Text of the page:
By Gracious Nyathi
Claim: The new Zimbabwe parliament was built by the Chinese through a loan facility extended to the Government of Zimbabwe.
Verdict: INCORRECT. The state-of-the-art building, which houses the National Assembly and Senate, with many other amenities, was funded by the Chinese government through China-Aid.
The project manager for the contractor, Shanghai Construction Group, Libo Cai, told journalists during a tour of the US$100 million project in Mount Hampden that “The building can accommodate 1000 people. It was built through grants and not loans. The Zimbabwean government will not pay anything in return”.
False claims have been making rounds on social media, that the new parliament of Zimbabwe was a loan which the government will have to pay back over time.
The belief is that it is a “soft” loan and the Zimbabwean government is going to pay it back.
President Emmerson Mnangagwa while delivering the State of the Nation Address and officially opening the Second Session of the Ninth Parliament said the government had spent over $2,5 billion on infrastructure projects, which are key enablers to the achievement of targets set under Vision 2030.
“Given that these are key enablers to our national economic revival as envisaged under Vision 2030, we are determined to leapfrog the quality of our infrastructure across the country. To date, a total of $2,5 billion, which constitutes 34,5 percent of total capital development, has been set aside for various transport, water, public amenities, energy, irrigation, social services and other infrastructural projects.”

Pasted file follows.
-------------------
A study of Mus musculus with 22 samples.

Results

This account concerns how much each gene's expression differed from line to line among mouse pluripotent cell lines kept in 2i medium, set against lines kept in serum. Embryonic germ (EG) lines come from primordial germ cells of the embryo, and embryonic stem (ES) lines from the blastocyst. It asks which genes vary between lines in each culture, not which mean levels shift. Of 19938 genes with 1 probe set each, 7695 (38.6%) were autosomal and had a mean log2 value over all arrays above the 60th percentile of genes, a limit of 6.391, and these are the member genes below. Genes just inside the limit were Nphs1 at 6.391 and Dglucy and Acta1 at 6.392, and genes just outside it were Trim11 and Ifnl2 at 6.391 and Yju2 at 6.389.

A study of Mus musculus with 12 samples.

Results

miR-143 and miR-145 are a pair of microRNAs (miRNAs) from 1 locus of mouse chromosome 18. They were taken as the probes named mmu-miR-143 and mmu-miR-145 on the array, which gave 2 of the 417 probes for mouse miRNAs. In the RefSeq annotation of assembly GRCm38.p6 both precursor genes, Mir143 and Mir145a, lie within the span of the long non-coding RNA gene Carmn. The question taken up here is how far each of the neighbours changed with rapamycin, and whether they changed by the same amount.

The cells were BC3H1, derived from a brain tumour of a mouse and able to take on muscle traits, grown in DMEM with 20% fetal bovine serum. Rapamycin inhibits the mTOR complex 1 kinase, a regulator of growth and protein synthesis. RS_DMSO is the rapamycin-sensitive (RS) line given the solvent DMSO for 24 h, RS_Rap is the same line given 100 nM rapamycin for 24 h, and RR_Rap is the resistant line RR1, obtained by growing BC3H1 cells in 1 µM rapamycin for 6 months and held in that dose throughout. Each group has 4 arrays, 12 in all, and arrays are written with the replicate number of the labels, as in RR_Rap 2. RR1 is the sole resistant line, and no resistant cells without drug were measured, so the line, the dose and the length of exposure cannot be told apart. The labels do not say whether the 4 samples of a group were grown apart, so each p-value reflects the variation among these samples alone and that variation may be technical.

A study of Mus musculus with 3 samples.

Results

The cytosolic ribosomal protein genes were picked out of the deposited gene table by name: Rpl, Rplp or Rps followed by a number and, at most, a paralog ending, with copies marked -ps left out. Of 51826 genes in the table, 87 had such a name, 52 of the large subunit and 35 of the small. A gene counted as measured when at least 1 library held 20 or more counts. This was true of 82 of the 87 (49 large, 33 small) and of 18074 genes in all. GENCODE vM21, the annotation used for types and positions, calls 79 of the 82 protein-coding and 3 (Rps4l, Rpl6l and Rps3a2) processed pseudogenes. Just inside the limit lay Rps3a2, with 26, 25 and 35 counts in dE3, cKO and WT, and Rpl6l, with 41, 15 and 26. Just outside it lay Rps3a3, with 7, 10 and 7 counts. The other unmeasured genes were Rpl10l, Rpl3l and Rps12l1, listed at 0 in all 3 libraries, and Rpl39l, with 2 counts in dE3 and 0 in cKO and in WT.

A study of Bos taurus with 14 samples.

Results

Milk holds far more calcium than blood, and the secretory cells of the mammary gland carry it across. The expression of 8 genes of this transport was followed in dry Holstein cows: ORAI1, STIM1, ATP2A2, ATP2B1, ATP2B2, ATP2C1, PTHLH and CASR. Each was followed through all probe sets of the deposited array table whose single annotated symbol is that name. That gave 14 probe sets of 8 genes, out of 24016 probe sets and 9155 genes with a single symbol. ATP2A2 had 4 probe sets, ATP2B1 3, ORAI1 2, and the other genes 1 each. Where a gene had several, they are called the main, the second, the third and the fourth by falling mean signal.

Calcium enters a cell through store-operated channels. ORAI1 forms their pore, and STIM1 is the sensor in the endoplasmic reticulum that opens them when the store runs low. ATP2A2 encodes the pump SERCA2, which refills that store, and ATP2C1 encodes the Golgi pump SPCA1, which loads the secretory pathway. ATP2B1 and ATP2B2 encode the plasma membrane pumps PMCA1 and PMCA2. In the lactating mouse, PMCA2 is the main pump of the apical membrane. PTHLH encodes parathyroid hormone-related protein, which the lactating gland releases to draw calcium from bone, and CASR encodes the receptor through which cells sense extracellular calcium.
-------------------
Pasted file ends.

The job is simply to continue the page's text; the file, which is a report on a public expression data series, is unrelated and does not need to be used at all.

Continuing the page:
The President said the Hwange 7 and 8 Thermal Power Project, the Robert Gabriel Mugabe International Airport Expansion, borehole rehabilitation and drilling, and the construction of the new Parliament Building were projects well on course.
The new complex, designed in the spirit of Great Zimbabwe, includes a six-storey office building and a four-storey parliament building. These are connected by three bridges on each floor.
Among other great features include a fountain borrowed from the majestic Victoria Falls, the country’s largest tourist attraction.
The National Assembly and Senate have a full capacity of 400 and 150 respectively, two committee rooms, 15 committee rooms, and seven-member lounges which are installed with advanced conference systems, placed from the ground floor to the third floor.